The award winning village of Grayshott nestles amidst beautiful National Trust countryside on the North-East Hampshire, Surrey border.
Grayshott is a great place to live, work and have fun. It’s also a wonderful place to visit, with a traditional village pub, renowned pottery, lots of shops and restaurants, free parking, and plenty of interesting things to see and do. We love Grayshott! Please watch the video and browse the links below to find out more, come and see us soon, and we are sure you will love it too.
Fox & Pelican
Grayshott Social Club
Grayshott Parish Council
As recorded in the Domesday Book, Grayshott was within Headley Parish and part of the ‘Waste of the Manor’ of Sutton. Ownership was passed from King Stephen (1135 – 1154) to his brother Henry of Blois, Bishop of Winchester. Later, when that manor was divided, Grayshott became part of the Manor of Wishanger. ‘Wakeners Wells’ (now known as Waggoners Wells), was created in the 17th century by the Hooke family of Bramshott. Some traces of this early period remain in the broomsquires cottages of Stoney Bottom and Whitmore Vale, in the outlines of holding pens for livestock along the drovers’ road in Stoney Bottom and in dry sandstone walls and boundary banks. The sites of some original farms are known: for example Grayshott Farm and Bull’s Toft, now known as Grayshott Hall and The Old Farmhouse (Headley Road). Many of Grayshott’s footpaths and bridleways, so much a feature of the village, were established in those days.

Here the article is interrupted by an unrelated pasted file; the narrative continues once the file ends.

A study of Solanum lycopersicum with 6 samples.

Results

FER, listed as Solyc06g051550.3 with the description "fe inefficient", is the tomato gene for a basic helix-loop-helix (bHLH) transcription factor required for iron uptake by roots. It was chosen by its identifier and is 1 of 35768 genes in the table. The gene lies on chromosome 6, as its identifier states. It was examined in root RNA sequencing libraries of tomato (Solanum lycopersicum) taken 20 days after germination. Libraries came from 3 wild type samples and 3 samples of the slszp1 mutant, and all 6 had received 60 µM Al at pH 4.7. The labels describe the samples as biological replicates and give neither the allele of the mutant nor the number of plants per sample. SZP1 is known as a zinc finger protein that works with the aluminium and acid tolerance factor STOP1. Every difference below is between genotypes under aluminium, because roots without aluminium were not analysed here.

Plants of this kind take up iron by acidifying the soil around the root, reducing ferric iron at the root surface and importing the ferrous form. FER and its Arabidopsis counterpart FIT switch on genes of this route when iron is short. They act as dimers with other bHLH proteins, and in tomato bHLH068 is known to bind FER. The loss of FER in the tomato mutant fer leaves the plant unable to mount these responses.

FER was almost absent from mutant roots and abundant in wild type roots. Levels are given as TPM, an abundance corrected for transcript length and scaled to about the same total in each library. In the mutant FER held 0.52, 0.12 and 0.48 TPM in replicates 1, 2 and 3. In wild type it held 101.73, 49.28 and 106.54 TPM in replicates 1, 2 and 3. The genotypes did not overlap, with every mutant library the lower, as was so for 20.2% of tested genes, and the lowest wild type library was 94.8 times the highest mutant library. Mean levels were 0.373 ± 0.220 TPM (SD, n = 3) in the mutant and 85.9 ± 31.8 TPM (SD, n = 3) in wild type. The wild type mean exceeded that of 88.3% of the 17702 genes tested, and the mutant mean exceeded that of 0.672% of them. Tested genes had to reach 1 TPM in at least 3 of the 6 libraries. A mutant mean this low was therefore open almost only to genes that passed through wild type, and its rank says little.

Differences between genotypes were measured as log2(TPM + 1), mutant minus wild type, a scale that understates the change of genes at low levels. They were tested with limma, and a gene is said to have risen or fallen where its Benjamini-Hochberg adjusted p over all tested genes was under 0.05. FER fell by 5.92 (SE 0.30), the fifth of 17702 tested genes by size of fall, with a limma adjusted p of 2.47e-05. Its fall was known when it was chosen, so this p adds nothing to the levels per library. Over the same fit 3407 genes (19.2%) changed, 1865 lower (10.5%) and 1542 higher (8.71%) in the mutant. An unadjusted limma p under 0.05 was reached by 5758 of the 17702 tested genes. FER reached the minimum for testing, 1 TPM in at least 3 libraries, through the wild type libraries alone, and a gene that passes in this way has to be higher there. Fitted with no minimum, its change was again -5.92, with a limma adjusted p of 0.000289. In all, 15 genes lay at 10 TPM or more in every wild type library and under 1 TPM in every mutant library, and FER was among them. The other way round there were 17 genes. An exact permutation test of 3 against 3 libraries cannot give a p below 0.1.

Records show that there was a sparse settlement here from the 12th Century but it was not until the Victorian era 150 years or so ago that we see the emergence of a village.
St. Luke’s Church has passed its centenary, as have the Village Hall, the School, the Fox & Pelican and the laundry building (now Grayshott Pottery). These and many other amenities were created by the generosity of local landowners and have been well supported over the decades by the villagers.
The attractiveness of Grayshott has increased its popularity and has drawn residents, commerce and trade.
Until the railway arrived at nearby Haslemere in 1859, Grayshott, or ‘Graveshotte’ (signifying ‘a clearing in the woods’) was never more than a hamlet of small farms, broomsquires’ cottages and a haunt for notorious brigands.